A dozen ski seasons or so ago, a security guard kicked Greg (G-Money) Barrow off Fernie Alpine Resort.

Barrow had pitched a tent at the bottom of the Timber chair the night before Opening Day. He wanted to be on the first chair of the season. The security guard told him to camp in the designated camping area. Barrow started negotiating.

"I can't get first chair from up there."

"You're gonna camp for first chair?" the guard asked.

"Yeah," Barrow replied. "Well, can I stand here?"

"Yes," the security guard said. "But you can't camp here."

Barrow, who speaks with a silky North Carolina drawl, tried to get the fun police to call and check with his boss. "He goes: 'I am not gonna call my boss at 2 in the morning and wake him up because some fool is trying to camp.'

"So, I just went and put my tent in the car and then went back and stood there."

Barrow got first chair. The 67-year-old has had first chair at Fernie for 14 years straight. The resort, tucked in the southeast corner of British Columbia, now lets die-hards camp the night before the lifts start spinning. Barrow, who moved to Fernie in 1999, sleeps in a one-man yellow tent. He rarely has company before 4:30 a.m.

Being first on Opening Day is all about strategy. Each mountain requires a different game plan, ranging from selfish benevolence to outright stampeding. Pack your rock skis if you have them – it will be a little stoney out there – and giggle all the way down. And even if you sleep in, Opening Day makes up for in smiles what it lacks in snow if you play it smart.

Lake Louise Ski Resort, Alta.

If you're aiming for first chair – hey, it comes with some serious bragging rights – commit. Getting to Lake Louise Ski Resort at 6:30 a.m. and landing second chair on the Glacier Express is embarrassing. You lost the race and sleep. Opening Day here can be deceptive. The famous Alberta resort claims four "named" runs are open. Don't buy that. Bits and bites of those runs blend into Wiwaxy, and for one day and one day only, Wiwaxy is the greatest run in the West. It is the only run. The glorious Wiwaxy 500 – a nickname for the Lake's Opening Day, because all you can do is go 'round and 'round this green run – is scheduled for Nov. 6. These short laps are usually the first ones you can lay down each season. The Wiwaxy 500 means winter is back, baby. Just don't be one of the jackholes cutting it too close to other skiers on the crowded fairway.

Sunshine Village Ski and Snowboard Resort, Alta.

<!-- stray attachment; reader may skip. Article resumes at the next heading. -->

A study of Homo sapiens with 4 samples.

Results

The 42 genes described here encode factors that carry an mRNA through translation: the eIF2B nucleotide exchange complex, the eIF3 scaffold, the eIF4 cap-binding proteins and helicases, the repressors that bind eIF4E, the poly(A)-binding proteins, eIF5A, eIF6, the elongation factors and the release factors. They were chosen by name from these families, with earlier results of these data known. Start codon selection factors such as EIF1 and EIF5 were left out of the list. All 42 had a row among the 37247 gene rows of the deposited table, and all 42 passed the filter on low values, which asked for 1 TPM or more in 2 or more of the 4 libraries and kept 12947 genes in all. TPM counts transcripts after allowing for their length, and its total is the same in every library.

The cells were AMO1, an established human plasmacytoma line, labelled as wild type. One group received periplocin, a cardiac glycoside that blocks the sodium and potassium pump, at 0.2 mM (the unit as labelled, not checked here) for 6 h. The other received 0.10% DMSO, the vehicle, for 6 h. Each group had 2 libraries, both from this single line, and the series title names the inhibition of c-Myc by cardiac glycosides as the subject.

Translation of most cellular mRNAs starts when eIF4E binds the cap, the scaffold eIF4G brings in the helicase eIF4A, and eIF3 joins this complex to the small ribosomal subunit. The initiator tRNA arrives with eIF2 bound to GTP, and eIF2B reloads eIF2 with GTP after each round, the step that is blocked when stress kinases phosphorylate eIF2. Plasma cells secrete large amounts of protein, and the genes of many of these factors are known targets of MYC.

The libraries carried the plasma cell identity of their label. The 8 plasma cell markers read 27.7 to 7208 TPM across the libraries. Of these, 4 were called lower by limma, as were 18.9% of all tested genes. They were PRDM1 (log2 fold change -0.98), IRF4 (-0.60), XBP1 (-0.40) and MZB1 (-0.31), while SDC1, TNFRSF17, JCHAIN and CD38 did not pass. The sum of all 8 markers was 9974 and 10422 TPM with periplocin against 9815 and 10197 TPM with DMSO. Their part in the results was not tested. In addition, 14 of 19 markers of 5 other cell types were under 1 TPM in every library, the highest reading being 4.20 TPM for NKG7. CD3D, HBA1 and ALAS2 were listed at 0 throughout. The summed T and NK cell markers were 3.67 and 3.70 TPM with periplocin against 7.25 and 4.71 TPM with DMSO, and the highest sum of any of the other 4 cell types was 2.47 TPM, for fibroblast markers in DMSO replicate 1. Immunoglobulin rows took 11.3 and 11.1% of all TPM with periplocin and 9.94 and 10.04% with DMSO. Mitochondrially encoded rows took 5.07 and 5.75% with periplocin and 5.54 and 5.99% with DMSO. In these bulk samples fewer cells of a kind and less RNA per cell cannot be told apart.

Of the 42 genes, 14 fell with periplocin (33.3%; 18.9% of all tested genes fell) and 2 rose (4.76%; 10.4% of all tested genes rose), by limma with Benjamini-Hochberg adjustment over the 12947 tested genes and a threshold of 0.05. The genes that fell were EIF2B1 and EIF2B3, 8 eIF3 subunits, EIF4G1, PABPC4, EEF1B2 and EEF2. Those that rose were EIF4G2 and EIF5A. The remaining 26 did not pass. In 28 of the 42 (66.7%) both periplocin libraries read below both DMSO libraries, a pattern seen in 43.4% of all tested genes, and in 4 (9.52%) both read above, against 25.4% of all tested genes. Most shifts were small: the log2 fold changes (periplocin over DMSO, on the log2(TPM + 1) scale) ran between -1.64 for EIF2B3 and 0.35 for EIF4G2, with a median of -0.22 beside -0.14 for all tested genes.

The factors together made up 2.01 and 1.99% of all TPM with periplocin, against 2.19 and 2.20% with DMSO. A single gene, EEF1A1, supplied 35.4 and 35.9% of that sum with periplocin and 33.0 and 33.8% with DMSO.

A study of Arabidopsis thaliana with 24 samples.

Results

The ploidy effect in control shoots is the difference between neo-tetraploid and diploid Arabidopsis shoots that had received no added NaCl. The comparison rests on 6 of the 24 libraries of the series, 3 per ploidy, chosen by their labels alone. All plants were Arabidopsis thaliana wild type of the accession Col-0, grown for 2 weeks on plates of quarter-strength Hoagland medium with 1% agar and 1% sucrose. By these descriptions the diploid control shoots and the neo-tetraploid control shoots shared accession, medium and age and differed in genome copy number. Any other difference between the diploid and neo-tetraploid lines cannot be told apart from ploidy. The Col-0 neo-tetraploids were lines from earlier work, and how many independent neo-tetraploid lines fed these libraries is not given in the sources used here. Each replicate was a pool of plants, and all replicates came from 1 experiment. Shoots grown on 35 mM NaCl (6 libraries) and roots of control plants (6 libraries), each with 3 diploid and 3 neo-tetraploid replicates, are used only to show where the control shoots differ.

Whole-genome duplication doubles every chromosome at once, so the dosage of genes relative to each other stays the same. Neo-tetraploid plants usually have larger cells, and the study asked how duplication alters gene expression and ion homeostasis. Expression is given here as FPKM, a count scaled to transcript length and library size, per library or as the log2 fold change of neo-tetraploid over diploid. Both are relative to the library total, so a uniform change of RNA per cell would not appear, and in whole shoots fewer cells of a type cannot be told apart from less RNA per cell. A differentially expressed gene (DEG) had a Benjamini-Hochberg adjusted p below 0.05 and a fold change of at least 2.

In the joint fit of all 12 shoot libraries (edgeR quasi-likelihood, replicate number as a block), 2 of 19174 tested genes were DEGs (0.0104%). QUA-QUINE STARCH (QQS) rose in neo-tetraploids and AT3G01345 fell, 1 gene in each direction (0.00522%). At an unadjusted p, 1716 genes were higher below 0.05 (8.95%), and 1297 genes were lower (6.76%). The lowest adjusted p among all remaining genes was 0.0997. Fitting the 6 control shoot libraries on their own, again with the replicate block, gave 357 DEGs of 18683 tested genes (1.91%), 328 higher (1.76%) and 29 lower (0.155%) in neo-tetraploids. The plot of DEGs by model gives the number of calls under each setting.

This is Lake Louise's No. 1 rival and it plays dirty pool on Opening Day. First, Opening Day isn't the first day of the year the public can ski the 'Shine. The resort holds social media contests in the fall and about 20 skiers and boarders win their way onto the mountain the day before Opening Day. Second, only four people can ride the first chair at Sunshine, but eight people fit in the gondola that gets skiers and snowboarders from the parking lot to the resort. Imagine, being first in the gondola line at 7 a.m. (the line for first chair at Sunshine starts at a much more civilized hour), but not getting to bust through the winner's banner at the top of the Strawberry chair because four others outran you. Sunshine offers consolation prizes for those moving a little slower on Opening Day. Strawberry serves five or six runs, so even if you miss first chair, you can still get first tracks. And while Strawberry is a go on Opening Day, tentatively slated for Nov. 11, other lifts may twirl if the weather co-operates.

Kicking Horse Mountain Resort, B.C.

Charity with a not-so-hidden agenda is the way to snag first gondola at Kicking Horse Mountain Resort in Golden, B.C. It raffles off the first ride of the year, with proceeds going to the food bank. Kicking Horse, which hopes to flip the switch on Dec. 5, raised about $1,200 last year. The winner picks seven pals to share the first gondola.

Fernie Alpine Resort, B.C.

Back in Fernie, Barrow knows people are out to break his 14-year streak. He's having none of it. He'll be at the front of the line come Dec. 4, the mountain's tentative Opening Day.

"I have to," he says. "Everybody starts talking about it early and so I gotta do it."